Day two of his new job and Boris Johnson is already besieged by well intentioned advice from the property sector. After a seemingly endless interlude between Mrs May resigning and the new Mr Johnson being voted in as the new Tory leader, the property world is keen to get his attention – particularly when the subject is Stamp Duty – or SDLT – which is blamed by many property professionals for being a deterrent to those who would like to move home.
Guy Gittins, Managing Director of Chestertons, says that the implications for the housing market remain to be seen, “Boris Johnson was more vocal on housing issues during the campaign trail than his opponent, and all eyes will now be on what policy initiatives are taken forward and who Johnson assembles in his cabinet.
“During his Tory leadership campaign, Johnson hinted that one of his priorities as Prime Minister will be supporting homeownership and that his housing policy is likely to be shaped around shake-ups to Stamp Duty. His proposed Stamp Duty exemption for all property sales under £500,000 is intended to boost market activity and would certainly be a significant win for buyers of properties under this threshold. However, the degree to which this would stimulate the market is debatable as affordability is the greatest obstacle, especially for first-time buyers, who are already exempt from Stamp Duty on purchases below £300,000. Any significant increase in activity might fuel house price inflation, especially if – as is likely – supply of properties on the market remains low.”
Lisa Simon, Head of Residential, Carter Jonas, is cautiously optimistic, “Providing no general election is to be called and the pound does not bounce, there is an overarching optimism that Boris Johnson’s proposed reforms will inject some life, and much needed momentum, back into the property market.
“Johnson has been vocal on being prepared to leave without a deal at the end of October, and the very thought of this has been an ongoing concern amongst our clients. That said, one eventuality that could leave prime pockets of the market feeling more unsettled is the potential of Number 10 opening its doors to a Corbyn government. Without being able to rule out the possibility of a general election – and thus a Labour administration – at this stage, speculation will continue to stunt the top end of the market under Johnson’s leadership, with a small handful of clients still deeming the risk too high at this moment in time.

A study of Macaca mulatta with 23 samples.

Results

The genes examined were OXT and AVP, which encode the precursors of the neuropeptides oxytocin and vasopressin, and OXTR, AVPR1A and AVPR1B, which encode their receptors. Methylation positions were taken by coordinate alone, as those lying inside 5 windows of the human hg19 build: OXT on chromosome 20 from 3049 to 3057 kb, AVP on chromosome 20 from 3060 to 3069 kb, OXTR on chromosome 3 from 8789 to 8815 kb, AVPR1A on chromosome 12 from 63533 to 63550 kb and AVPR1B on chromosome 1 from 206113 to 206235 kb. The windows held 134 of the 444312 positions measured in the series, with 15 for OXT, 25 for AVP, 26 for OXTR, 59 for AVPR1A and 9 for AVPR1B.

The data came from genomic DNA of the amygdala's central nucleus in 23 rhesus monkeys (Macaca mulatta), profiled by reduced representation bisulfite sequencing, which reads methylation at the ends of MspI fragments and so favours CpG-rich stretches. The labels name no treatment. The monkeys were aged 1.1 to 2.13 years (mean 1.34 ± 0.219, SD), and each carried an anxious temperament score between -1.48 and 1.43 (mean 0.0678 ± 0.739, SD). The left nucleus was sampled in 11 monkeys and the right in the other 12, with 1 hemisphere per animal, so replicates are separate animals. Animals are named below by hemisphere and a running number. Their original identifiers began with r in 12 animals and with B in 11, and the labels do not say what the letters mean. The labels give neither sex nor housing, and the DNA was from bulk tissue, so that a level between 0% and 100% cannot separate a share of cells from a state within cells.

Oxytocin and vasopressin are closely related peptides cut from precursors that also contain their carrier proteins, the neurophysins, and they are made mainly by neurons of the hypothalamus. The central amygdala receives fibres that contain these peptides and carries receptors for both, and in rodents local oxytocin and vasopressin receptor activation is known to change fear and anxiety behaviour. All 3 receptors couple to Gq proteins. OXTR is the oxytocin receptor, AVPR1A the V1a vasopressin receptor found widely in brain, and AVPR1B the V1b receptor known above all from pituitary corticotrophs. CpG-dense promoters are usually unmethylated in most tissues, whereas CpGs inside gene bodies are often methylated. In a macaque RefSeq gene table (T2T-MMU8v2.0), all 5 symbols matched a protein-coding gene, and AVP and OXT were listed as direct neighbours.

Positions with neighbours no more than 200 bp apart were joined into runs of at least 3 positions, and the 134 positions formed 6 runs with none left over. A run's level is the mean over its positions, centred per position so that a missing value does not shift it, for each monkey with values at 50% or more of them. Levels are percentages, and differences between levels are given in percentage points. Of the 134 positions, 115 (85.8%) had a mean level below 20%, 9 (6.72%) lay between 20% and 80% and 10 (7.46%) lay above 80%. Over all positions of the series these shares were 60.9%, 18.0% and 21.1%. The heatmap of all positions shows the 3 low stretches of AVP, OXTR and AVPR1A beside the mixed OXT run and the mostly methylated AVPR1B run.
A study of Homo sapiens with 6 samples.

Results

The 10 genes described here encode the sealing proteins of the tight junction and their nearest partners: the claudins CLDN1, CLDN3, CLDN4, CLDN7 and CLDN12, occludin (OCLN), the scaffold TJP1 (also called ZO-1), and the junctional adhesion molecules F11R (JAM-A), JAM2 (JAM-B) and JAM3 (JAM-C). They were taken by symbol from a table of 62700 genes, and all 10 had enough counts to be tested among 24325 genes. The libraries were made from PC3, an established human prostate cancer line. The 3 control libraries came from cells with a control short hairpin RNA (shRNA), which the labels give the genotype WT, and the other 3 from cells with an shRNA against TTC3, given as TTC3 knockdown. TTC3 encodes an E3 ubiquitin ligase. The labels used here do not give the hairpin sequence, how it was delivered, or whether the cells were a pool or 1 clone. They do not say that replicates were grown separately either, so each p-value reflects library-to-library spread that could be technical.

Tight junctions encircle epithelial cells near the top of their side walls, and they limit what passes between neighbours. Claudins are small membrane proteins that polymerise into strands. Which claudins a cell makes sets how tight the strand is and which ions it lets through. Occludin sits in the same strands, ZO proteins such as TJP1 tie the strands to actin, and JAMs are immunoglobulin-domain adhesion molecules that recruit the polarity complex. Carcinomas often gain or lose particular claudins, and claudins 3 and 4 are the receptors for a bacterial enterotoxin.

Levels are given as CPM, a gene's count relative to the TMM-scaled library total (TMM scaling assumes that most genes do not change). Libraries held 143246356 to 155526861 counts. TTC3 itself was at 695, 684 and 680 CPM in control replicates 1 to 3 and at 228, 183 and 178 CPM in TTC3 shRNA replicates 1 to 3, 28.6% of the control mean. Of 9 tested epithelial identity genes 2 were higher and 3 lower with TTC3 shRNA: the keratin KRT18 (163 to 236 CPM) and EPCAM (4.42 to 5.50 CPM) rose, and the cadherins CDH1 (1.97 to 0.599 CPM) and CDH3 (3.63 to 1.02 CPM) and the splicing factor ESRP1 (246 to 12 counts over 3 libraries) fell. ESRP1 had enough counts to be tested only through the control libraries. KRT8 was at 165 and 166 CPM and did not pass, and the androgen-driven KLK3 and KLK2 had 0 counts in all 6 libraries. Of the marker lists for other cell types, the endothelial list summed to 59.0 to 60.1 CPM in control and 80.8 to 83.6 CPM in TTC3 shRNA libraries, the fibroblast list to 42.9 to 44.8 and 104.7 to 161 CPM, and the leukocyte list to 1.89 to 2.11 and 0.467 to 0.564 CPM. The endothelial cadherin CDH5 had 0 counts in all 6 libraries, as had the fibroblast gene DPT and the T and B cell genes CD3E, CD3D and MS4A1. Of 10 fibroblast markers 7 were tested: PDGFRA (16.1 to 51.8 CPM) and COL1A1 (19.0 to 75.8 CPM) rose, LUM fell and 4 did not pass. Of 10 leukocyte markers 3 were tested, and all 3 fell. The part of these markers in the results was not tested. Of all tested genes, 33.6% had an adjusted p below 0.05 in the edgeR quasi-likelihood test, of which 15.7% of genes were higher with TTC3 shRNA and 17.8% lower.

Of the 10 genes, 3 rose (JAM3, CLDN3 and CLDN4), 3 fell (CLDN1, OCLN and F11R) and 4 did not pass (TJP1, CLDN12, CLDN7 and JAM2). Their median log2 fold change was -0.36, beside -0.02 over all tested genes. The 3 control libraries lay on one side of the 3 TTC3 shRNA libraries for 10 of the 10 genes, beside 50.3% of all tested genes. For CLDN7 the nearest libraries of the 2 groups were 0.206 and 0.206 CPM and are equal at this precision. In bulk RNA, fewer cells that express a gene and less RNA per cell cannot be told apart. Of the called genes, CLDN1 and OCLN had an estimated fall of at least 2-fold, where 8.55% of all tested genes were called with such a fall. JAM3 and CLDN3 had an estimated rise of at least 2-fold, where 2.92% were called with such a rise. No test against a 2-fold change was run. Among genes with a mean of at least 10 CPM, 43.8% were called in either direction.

INHOUS co-founder and Managing Director, David Johnson, added, “We have already seen the impact of this off the back of Boris Johnson’s initial statement on slashing stamp duty rates. When he came out with this statement, a number of the luxury properties that we had been monitoring for our clients received some strong offers submitted to purchase them. And on some occasions, we noticed multiple buyers bidding for the same properties – some of these properties being on the market for well over 12 months. These buyers are clearly trying to secure properties now off the back of Boris Johnson’s indication of slashing Stamp Duty levels.
“Now that Boris has been formally announced as the next Prime Minister, I would not be surprised to see a surge in prime properties being secured by buyers with a delayed completion for September – in the hope of the lower stamp duty rates coming into effect by then.”